Did You Hear About the Morrigan?

One of the most prominent figures in Irish mythology is the Morrigan, probably meaning either “Great Queen” or “Phantom Queen,” although it’s a little unclear who she actually was. As with many old deities, her name and function might well have changed over time.

The earliest known uses of the name appear to refer to a type of female monster rather than to one particular goddess, with the individual figure of the Morrigan first known to show up in the Ulster Cycle. As the versions of the Ulster myths to which we now have access were written by a largely Christian society, they don’t specifically identify the Morrigan as a goddess, but she clearly functions as one. She’s essentially a war goddess, hindering the hero Cúchulainn in battle when he refuses her advances. She appears in the forms of an eel, a wolf, a cow, an old woman, and a crow. It’s the crow form with which she is mostly identified.

Other myths refer to her as one of the Tuatha De Danann, and daughter of the mother goddess Ernmas. Some evidence suggests that she might have originally been a fertility deity, and that one of her roles might have been that of psychopomp, but it’s hard to say. Another interesting thing to note about the Morrigan is that she’s usually identified as a triple goddess with Badb and Macha. Women appear in threes pretty frequently in mythology, although there is likely a difference between trios like the Greek Fates and Furies and actual triple goddesses, which were common in ancient Celtic belief. I’ve often come across the idea that the Triple Goddess is associated with the phases of the moon (I guess waxing and waning are considered the same phase in this way of thought) and the life stages of Maiden, Mother, and Crone (apparently a product of a society that hadn’t discovered reliable birth control). The Wikipedia page on the Triple Goddess in modern paganism, however, suggests that this was based on ideas Robert Graves came up with in the twentieth century, and that there really isn’t a whole lot of support for it in actual mythological sources. One thing I must say I find quite frustrating in researching mythology is that it’s pretty much impossible to tell when supposed connections between myths of different cultures are genuine. I think a lot of scholars are so eager to find connections that they see patterns that aren’t really there. Besides, religion changes as one society comes into contact with others, so that could explain some connections. Anyway, regarding the Morrigan specifically, perhaps it’s best to say that she’s a rather ambiguous figure. Really, though, that’s generally the case for gods, isn’t it?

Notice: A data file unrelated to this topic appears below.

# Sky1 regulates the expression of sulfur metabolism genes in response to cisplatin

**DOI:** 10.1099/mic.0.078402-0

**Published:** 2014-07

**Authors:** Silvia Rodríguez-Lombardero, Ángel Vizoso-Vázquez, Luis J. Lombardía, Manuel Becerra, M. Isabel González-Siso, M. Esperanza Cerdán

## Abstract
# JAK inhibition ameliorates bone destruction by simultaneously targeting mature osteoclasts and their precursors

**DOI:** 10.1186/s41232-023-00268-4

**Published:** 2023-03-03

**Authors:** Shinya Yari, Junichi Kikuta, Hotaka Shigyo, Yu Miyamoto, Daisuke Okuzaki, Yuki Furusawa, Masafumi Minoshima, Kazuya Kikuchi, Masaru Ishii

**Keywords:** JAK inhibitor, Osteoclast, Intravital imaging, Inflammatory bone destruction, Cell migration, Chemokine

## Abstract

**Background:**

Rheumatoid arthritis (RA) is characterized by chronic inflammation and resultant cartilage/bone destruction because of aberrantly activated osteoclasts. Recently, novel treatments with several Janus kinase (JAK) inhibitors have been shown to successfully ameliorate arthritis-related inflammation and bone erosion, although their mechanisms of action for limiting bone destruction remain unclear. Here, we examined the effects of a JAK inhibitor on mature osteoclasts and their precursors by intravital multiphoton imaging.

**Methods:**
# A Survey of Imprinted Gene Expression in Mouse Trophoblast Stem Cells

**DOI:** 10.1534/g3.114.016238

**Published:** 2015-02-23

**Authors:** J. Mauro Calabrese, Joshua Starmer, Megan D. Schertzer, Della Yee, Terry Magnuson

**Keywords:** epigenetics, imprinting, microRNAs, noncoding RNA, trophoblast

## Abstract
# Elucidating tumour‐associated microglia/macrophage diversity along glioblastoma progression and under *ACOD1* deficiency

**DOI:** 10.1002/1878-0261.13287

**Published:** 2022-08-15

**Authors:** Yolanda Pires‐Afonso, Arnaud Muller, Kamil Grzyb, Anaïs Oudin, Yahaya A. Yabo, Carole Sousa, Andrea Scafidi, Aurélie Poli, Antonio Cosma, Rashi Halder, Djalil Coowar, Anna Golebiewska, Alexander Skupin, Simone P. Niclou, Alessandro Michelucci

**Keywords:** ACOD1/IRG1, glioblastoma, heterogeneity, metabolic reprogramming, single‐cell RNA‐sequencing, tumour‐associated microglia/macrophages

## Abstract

1. Jake says:

    I never heard the term psychopomp before so yay! I learned a new word.

    I think the rise of the maiden/mother/crone idea, while being more or less invented by Graves was very much solidified and made mainstream by second wave cultural feminism and its influence on the neo-pagan movement.

    I agree it can be very frustrating unraveling mythology and its connections but I also find fascinating working out what connections are blurred or wholesale invented. People both keep and create the mythologies they need.

    Out of interest do you have a version of the Irish myths that you prefer?

    • Nathan says:

      I don’t really have any one source I consult for Irish mythology; I generally just do Google searches. I realize this doesn’t always lead to the most accurate information, but I do try to use multiple sources.

  2. Logan Mack says:

    I’m very much enjoying your analysis of myths and the interplay of the various myth systems as they collide. FYI: The modern triple goddess and the moon correspond as follows: maiden-waxing, mother-full, crone-waning. The new moon is not included, probably because it isn’t seen.